Reproduction in Troodon FormosusAmerica's First Dinosaur
3/20 Reproduction in Troodon formosus, America’s First Dinosaur. Presented by David Varricchio, Montana State University.
The term “dinosaur” was first coined in 1842 by Richard Owen, and the world was amazed by early large dinosaur fossils. Charles Darwin’s “On the Origin of Species”, published in 1859, thrust the role of evolution and the changes in life on earth through deep time into public awareness. But by the early 20th century vertebrate paleontology and dinosaurs were rather stagnant fields – what more could be learned from dry bones? But this changed dramatically with new scientific tools and especially new scientific ideas. Arguments about dinosaurs being warm blooded, being feathered, being caring parents, began to rage in the late 20th century. And the realization that birds are almost certainly extant dinosaurs came to be generally accepted as well.
Dr. David Varricchio has studied and published on dinosaurs for a quarter century, and has been involved in the development of cutting edge ideas & research. During his talk he will discuss how we are now able to begin to understand dinosaur behavior and links with modern birds from work that he and colleagues have conducted.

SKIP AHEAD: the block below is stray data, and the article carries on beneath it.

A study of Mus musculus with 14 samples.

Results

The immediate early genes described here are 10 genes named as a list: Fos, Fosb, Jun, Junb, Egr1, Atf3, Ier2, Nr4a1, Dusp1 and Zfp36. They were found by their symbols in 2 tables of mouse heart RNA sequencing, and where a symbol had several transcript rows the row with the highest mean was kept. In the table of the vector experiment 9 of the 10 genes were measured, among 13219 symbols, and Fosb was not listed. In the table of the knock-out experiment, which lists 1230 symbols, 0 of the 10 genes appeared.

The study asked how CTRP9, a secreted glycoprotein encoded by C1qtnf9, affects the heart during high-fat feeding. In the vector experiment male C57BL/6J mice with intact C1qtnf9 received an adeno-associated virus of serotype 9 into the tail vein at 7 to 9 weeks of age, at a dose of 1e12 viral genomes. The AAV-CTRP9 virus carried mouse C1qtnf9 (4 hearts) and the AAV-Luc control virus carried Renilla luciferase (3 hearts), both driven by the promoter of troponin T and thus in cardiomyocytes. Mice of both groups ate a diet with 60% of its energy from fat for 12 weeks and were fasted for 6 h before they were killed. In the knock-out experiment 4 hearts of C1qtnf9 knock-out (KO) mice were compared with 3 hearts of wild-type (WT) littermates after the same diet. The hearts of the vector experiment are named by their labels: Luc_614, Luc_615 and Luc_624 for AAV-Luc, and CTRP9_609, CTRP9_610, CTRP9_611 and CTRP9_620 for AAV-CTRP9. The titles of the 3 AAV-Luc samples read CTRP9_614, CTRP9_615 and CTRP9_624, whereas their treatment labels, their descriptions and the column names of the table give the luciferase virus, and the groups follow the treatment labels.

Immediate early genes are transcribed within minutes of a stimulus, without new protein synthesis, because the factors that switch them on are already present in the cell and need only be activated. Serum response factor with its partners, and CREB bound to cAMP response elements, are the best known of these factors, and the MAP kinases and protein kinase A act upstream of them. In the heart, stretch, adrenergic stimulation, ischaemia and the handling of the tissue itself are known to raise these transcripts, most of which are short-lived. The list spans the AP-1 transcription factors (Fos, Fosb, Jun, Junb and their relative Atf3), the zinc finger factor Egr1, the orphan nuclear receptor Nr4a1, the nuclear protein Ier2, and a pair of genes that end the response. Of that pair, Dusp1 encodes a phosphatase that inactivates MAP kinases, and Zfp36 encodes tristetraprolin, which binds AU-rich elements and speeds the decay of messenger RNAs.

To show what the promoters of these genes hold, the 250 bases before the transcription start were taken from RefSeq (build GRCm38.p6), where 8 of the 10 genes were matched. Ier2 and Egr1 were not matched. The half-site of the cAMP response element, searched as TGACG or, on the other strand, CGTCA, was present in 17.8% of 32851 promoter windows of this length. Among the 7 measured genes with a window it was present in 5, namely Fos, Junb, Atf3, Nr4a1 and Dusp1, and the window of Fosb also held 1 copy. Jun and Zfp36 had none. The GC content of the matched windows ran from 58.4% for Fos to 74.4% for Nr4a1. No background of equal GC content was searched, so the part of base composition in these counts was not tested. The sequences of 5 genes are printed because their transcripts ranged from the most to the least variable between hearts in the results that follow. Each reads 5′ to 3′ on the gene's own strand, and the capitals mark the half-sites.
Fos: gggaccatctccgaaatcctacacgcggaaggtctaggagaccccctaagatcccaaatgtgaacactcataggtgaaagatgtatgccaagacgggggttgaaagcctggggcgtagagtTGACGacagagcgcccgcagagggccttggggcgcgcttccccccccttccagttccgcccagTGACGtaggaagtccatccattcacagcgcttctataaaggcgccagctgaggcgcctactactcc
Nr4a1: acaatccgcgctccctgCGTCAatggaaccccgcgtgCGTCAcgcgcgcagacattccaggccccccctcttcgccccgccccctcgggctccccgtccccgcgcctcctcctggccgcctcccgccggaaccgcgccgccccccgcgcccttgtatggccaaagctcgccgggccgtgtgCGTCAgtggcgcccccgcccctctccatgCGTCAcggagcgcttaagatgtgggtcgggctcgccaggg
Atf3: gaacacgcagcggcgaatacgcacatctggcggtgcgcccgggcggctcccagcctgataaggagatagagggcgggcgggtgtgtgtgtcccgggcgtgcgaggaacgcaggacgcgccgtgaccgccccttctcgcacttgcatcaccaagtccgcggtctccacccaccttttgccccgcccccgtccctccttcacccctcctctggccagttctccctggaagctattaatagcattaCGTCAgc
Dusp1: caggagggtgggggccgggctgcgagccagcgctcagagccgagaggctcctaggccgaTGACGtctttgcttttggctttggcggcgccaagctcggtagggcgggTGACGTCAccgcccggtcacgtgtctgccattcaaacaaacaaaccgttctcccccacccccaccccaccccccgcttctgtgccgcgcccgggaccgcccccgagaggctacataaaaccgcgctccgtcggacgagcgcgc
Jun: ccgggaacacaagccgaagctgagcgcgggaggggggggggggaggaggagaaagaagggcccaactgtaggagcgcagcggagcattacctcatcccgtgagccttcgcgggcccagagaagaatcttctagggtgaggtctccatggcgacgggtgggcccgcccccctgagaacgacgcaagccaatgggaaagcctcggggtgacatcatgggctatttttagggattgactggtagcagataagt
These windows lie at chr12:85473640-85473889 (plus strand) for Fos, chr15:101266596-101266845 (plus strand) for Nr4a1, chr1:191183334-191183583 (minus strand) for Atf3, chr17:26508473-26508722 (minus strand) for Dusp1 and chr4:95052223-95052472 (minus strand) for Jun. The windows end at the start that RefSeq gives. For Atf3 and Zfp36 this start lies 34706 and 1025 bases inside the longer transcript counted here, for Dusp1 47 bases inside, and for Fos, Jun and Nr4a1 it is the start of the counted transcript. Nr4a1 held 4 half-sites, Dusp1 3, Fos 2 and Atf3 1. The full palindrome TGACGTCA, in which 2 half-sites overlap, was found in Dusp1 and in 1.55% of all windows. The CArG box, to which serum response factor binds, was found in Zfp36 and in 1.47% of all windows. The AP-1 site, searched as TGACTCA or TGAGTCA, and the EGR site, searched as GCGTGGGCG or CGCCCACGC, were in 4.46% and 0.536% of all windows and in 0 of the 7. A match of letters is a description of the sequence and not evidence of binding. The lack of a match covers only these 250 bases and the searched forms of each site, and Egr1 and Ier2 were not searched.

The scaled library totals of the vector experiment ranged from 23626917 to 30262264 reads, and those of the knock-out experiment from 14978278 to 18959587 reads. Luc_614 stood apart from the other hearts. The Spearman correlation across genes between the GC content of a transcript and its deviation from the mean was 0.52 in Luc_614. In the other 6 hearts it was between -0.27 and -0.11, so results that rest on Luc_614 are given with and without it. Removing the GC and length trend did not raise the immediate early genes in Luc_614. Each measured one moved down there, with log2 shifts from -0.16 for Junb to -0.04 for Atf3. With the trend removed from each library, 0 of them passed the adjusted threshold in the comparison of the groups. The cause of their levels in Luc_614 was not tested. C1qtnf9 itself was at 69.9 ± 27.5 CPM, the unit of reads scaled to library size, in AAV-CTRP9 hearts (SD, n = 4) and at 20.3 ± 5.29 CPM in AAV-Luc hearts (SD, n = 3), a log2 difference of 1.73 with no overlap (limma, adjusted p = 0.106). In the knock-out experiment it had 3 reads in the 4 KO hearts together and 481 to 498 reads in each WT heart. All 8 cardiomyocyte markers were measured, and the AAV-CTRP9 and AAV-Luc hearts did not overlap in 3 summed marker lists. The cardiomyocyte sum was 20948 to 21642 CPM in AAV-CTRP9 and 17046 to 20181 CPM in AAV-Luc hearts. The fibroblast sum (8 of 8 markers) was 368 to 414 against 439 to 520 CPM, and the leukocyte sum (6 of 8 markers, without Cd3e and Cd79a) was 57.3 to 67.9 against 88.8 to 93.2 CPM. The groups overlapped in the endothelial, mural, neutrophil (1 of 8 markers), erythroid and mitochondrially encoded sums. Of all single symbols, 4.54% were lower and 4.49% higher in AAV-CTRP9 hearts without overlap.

From the Two Medicine Formation of Montana, USA, Troodon formosus, “beautiful wounding tooth”, was a small (~ 50kg) carnivorous dinosaur sharing a close ancestry with birds. An excellent fossil sample including eggs, embryos, clutches, a nesting trace and a clutch-associated adult, provides exceptional insight into the reproductive behavior of this dinosaur. Troodon reproduction represents a combination of some primitive features found in modern reptiles (two reproductive tracts, buried eggs, precocial young), many features shared with birds (smooth, large, and asymmetric eggs, three structural layers, low porosity, iterative egg production, brooding), and some unique aspects peculiar to Troodon (elongate eggs, half-buried eggs, eggs upright with the sediment). While many reproductive features of modern birds clearly had their origin within dinosaurs like Troodon, most dinosaurs, lacked these features, and likely exhibited very different reproductive behaviors. Finally, the fossil evidence is strong enough to suggest the type of parental care in Troodon, the length of incubation, and possibly even the mating system used.